The world marks the 100th anniversary of one of the most famous poets of the XXth Century. But the Chilean giant, who won the Nobel Prize for Literature in 1971, was also a militant, a passionate communist who lived for his ideas.

Pablo Neruda wrote about Lenin some day in 1957:

“Lenin, to write about you, I have to leave words aside. I have to write with trees, wheels, plows and crops”. Today, when the world marks the 100th anniversary of Pablo Neruda's birth, the same symbols can be used to talk about who, as Lenin, was a man of his times. Pablo Neruda, the Chilean poet who won the Nobel Prize for literature in 1971, was much more than a writer, he was a passionate militant of his ideas.

During his lifetime, Pablo Neruda counted Pablo Picasso and Diego Rivera as close friends and was so politically active that he became a senator for the Communist Party in his native Chile. Following a remarkable tradition in Latin America’s foreign service to appoint prominent culture figures to high diplomatic posts, Neruda was in charge, between 1927 and 1935, honorary consul, in several cities as which took him to Burma, Ceylon, Java, Singapore, Buenos Aires, Barcelona, and Madrid. The civil war in Spain inspired to poet him to turn to the political issues, and in 1937 he wrote "Espana a en corazon" ("Spain in the Heart").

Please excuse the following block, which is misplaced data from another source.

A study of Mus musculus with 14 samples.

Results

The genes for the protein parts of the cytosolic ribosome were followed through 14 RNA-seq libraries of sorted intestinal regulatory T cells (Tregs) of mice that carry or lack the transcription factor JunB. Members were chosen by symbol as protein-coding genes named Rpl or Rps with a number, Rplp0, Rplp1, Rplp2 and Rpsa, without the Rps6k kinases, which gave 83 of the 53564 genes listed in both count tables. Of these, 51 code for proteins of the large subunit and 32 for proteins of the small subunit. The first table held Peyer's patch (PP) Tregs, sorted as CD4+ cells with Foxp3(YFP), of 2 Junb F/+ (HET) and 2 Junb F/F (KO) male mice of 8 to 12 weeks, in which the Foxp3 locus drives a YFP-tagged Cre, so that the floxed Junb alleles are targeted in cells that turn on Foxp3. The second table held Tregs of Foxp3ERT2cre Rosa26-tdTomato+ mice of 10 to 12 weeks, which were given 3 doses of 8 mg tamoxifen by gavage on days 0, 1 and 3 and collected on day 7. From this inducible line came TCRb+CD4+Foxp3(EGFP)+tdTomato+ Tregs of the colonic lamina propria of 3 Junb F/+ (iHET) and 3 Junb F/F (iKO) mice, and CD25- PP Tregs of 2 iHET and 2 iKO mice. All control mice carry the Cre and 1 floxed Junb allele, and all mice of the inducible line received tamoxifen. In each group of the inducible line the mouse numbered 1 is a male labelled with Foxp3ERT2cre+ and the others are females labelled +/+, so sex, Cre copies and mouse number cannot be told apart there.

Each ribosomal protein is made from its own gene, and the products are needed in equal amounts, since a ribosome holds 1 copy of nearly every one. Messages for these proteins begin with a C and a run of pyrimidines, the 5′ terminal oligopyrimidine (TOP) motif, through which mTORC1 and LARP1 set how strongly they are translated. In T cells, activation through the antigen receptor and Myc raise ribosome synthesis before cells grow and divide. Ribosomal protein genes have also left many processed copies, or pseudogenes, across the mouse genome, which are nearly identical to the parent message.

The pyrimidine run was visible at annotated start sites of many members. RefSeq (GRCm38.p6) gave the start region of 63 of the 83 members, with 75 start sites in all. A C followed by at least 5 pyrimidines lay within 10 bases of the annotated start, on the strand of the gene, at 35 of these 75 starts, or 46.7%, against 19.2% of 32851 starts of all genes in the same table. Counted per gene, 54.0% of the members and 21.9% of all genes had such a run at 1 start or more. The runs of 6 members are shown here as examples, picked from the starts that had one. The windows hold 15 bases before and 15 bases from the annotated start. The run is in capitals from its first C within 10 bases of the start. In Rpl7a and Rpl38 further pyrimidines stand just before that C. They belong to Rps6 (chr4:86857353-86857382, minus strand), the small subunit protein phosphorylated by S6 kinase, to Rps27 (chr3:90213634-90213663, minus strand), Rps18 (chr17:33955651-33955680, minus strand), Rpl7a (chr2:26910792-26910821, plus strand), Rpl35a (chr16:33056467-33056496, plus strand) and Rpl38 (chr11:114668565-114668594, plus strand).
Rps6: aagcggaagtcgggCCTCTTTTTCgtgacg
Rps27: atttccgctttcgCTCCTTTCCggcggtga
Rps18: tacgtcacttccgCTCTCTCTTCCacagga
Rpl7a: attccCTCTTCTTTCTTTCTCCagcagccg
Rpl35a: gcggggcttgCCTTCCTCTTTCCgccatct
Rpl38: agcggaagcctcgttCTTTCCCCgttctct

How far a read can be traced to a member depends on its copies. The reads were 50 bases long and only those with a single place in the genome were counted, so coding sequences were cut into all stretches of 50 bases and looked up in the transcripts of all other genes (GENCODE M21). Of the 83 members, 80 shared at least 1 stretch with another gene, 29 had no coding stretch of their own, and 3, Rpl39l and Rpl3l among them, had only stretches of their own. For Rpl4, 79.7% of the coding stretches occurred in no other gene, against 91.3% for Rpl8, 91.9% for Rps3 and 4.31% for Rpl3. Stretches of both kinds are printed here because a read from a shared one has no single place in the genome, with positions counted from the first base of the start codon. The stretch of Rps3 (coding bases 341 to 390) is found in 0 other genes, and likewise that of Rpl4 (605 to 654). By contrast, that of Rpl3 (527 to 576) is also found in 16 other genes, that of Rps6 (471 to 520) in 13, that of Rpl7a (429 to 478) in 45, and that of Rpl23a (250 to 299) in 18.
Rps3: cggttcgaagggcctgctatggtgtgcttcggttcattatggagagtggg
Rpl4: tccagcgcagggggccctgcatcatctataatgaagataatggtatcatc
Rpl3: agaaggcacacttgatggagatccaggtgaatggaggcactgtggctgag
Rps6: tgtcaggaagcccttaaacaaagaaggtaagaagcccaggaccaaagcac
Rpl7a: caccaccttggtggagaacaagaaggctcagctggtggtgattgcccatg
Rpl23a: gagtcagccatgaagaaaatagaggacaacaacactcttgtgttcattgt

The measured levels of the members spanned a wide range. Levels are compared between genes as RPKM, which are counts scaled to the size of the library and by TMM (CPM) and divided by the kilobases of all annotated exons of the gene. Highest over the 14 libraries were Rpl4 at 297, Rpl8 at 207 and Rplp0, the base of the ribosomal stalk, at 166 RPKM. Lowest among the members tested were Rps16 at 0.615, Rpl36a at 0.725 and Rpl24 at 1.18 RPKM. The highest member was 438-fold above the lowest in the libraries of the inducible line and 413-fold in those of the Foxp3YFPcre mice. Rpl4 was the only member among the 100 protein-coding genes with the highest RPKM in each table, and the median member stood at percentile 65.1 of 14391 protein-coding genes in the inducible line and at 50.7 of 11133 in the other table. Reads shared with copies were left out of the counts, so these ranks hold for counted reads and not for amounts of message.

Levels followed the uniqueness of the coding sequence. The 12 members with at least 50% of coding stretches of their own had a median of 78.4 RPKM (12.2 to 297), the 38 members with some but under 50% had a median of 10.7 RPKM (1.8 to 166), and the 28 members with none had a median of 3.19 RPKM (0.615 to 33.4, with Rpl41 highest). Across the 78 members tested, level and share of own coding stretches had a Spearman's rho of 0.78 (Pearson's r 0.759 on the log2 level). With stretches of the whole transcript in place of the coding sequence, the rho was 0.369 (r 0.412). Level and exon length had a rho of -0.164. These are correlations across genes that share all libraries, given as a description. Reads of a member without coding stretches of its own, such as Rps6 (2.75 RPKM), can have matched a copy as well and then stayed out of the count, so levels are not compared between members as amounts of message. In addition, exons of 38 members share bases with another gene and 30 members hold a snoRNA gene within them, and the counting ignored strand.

Since then, Neruda joined the leftist movement and became a prominent member of the Chilean Communist Party. He became Senator in the forties, as used his position to back anti-fascist Soviet struggle.

In 1950 Neruda won the international Lenin prize for peace between nations in Moscow. Three years later, the poet returned home and was involved in literary and party work. In 1971 President Salvador Allende (1908-1973), the first Socialist President ever elected in Latin America, appointed Pablo Neruda Chile's ambassador to Paris, but two years later the poet resigned from this post and died shortly after a bloody military cup led by Gen. Augusto Pinochet and plotted by the CIA ended with the dreams of millions of Chileans about a future in prosperity and peace.

To talk about Neruda is to talk about a marvelous poet and also about a man who offered his life for the cause of freedom and peace. While re-reading Neruda’s Ode to Lenin one can say that history played an awful trick to one of his most beloved sons. Lenin is no more the father of the invincible revolution; the Soviet Union no more, as well. But Neruda’s “Ode to Lenin” is still there, as the dreams of millions who want to leave in peace, without fearing of the future.

That's perhaps the most important legacy of Neruda: his love for life, his love for the common people in a world that usually forgets about them, and now kills them in preventive wars.